Different Types Of Microscopes

A look at the different types of microscopes and what they are used for.

There are four main types of microscopes that a biologist uses: dissection, compound, Scanning Electron Microscope (SEM), and Transmission Electron Microscope (TEM).

There is certain terminology used when discussing microscopes. Magnification is referring to the

ratio of the size seen in the microscope to the actual size of the specimen. On a compound microscope it is usually between 4x and 100x. Resolution is the clarity and detail seen. It is the minimal distance between two points in which they can be seen separately (i.e.: not blurred). Field of view refers to how much you actually see when looking in a microscope. As field of view increases, magnification decreases. Depth of field is the number of layers you see. Total magnification is the product of the objective lens and the ocular (10x). Parfocal is a term used when describing compound microscopes. this means that the focus is maintained when changing the magnification. This way you don't have to re-focus when changing powers.

A dissection microscope is light illuminated. The image that appears is three dimensional. It is used for dissection to get a better look at the larger specimen. You cannot see individual cells because it has a low magnification.

A compound microscope is also light illuminated. The image seen with this type of microscope is two dimensional. This microscope is the most commonly used. You can view individual cells, even living ones. It has high magnification (from 4x - 100x). However, it has a low resolution.

SEM use electron illumination. The image is seen in three dimension. It has high magnification and high resolution. The specimen is coated in gold and the electrons bounce off to give you and exterior view of the specimen. The pictures are in black and white.

TEM is also electron illuminated. This gives a two dimensional view. Thin slices of specimen are obtained. The electron beams pass through this. It has high magnification and high resolution.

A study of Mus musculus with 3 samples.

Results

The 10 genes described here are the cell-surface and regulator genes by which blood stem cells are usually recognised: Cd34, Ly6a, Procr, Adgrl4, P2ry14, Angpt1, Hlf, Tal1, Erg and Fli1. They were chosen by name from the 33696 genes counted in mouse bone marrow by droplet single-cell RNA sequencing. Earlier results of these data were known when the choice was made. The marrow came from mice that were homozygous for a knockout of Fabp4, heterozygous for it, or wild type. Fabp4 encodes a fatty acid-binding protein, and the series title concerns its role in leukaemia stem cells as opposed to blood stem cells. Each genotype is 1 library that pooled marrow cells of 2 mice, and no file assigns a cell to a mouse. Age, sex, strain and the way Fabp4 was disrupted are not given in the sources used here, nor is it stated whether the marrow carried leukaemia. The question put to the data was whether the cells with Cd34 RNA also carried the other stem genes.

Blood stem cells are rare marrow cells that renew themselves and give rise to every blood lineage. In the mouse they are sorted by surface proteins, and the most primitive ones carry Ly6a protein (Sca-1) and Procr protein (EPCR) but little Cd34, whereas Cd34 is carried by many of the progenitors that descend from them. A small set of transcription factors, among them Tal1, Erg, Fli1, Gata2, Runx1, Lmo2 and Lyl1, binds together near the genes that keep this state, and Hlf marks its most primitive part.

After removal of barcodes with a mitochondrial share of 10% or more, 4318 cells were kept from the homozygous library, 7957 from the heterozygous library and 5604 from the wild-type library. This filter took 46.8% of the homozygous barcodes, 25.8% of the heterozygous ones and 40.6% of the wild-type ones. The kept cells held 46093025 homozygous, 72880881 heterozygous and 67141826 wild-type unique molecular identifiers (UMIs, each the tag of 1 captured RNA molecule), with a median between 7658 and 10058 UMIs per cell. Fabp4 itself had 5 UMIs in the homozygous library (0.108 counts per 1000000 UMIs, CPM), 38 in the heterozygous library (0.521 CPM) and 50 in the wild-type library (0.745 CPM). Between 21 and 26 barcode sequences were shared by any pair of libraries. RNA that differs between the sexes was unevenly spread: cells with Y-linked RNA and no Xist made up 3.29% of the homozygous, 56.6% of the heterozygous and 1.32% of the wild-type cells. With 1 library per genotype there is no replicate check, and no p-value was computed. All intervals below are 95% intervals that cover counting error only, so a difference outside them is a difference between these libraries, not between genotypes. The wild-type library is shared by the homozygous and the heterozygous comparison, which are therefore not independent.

A compound microscope contains twelve basic parts. The ocular is the eye piece. It is what you view through. It contains a lens of with a magnification of 10x. The ocular is attached to the body. The body, also called the barrel, contains a mirror to view the image at an angel. The arm of the microscope is used as a handle when moving microscopes. It extends from the body to the base (which I will discuss shortly). The nosepiece holds the objective lens and is attached to the body. The objective lens magnifies by the power. The mechanical state is where the slide goes. It can be adjusted accordingly. The diaphragm controls the amount of light. The condenser focuses the light on the image. The light source is whit light used to illuminate the specimen. The coarse adjustment focuses on low powers while the fine adjustment is used to focus on high lenses. The base holds the light source.

To operate a microscope properly, you should follow some simple steps. First you must plug it in and turn it on. Make sure it is set on the lowest power. Move the stage to the top position.

Place the slide on the stage agist the corner. Adjust the stage. Use the coarse adjustment to get the image in focus. Use the fine adjustment to see more detail. Finally move the lens clockwise to move to higher magnification. Your specimen should be seen clearly in focus even when changing powers.